How should we judge the work of the four ‘whole place’ community budget pilots when they submit their final business cases next week?
Trying to set a yardstick for something that’s never been done before is always tricky.
Perhaps we should start with the community budget prospectus, published a year ago last week, which said the following about what success would look like:
“By October 2012 each pilot area will have developed an operational plan which sets out what a single budget, or options for pooling and aligning resources, for the place would look like, the outcomes that would be delivered, governance arrangements, the redesign of services required to achieve the outcomes and how new financial approaches would work. It will identify what would need to happen locally to implement the options identified and what would need to be changed centrally.”
Much of this does indeed look like it’s been achieved. But the first clause is perhaps the most relevant. It certainly doesn’t seem likely that any pilot has come up with a plan to run all public services from one budget.
More realistically, are there plans that set out options for pooling and aligning resources?
Well if Greater Manchester is anything to go by, there are clearly some individual projects where pilots are ready to get down to the nitty gritty of how costs and benefits of redesigned public services should be apportioned between partners.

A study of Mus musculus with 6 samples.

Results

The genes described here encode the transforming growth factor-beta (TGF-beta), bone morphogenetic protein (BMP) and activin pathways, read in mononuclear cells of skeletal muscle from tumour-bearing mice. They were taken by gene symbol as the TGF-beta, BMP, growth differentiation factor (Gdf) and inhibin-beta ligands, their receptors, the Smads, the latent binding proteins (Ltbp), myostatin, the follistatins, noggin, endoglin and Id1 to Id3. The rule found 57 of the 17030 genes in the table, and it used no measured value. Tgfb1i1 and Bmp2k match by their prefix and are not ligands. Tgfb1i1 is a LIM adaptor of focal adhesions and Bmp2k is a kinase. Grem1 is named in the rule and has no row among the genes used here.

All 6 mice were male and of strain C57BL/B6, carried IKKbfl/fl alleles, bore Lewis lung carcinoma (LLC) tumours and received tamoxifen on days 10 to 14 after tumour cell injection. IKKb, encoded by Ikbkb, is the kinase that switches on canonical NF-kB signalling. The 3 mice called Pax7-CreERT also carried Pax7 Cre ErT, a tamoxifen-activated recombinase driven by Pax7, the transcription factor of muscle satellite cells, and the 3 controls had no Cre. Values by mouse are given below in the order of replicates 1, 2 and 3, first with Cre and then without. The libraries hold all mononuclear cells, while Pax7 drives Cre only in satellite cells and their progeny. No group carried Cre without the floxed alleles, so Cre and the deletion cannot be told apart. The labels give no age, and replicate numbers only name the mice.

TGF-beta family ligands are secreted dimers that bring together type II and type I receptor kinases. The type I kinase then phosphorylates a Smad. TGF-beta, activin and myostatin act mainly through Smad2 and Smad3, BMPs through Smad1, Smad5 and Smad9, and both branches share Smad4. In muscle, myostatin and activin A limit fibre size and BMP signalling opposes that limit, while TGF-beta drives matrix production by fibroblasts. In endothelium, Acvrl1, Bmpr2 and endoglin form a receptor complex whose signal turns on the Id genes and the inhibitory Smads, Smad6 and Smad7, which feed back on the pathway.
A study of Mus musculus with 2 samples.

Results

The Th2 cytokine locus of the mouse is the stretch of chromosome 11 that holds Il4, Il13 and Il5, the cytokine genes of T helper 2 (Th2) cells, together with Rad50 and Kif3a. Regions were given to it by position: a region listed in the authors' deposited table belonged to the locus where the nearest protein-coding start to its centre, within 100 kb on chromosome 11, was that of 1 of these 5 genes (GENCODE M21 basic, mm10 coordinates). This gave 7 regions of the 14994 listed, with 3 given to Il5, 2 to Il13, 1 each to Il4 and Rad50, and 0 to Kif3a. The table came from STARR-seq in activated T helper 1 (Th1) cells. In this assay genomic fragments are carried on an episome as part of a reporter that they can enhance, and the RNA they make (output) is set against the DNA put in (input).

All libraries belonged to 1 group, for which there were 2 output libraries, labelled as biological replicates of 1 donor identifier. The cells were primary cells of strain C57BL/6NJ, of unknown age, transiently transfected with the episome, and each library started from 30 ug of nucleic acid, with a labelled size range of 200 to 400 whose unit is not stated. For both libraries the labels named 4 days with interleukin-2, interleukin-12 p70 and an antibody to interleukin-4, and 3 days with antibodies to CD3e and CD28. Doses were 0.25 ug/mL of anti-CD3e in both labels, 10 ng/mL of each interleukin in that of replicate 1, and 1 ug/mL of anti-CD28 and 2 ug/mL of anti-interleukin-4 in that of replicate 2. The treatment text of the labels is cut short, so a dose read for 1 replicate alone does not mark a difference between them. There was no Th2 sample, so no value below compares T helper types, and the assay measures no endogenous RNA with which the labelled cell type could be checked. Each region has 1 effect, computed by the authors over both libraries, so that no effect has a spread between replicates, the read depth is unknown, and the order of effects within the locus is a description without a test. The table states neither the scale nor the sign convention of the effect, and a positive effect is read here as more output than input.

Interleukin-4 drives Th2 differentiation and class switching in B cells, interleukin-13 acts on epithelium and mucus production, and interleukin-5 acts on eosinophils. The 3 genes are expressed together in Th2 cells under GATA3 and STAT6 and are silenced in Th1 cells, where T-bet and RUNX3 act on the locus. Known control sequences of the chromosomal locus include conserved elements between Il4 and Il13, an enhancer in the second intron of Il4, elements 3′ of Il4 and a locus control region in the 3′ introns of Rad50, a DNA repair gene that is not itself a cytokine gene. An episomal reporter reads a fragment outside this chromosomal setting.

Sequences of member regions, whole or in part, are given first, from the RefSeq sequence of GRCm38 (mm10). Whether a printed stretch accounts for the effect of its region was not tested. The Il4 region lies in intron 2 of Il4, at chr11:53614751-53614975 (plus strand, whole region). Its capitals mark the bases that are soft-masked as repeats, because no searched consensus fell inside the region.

So against the stated aims, it looks like the pilots will have a decent story to tell.
But there’s always been a little extra hype around the community budget programme. The Total Place work done by the previous administration gave councils a tantalising glimpse of a world in which councils were the primus inter pares in a world of pooled budgets and joint strategic plans.
Indeed, the pooling of budgets became something of a totemic issue. Minute of meetings of a cross-Whitehall group chaired by Lord Bichard last March bemoaned the fact none of the original 16 pilots had been able to specify which budget lines they intended to pool.
The fact that now, a year and a half later, a much smaller group of councils working much more intensively are only just ready to begin talking about truly aligning budgets shows the glibness of the original plans as well as the task facing those who see community budgets as being part of the solution to the challenges of the next spending review.
Nevertheless, Ministers should continue to support the pilots. They have some good ideas. Greater Manchester is set to unveil some concrete suggestions around accountability, for example. Now that the first phase of the work is almost done, perhaps a second deadline of next spring by which these ideas should be ready for action should be set?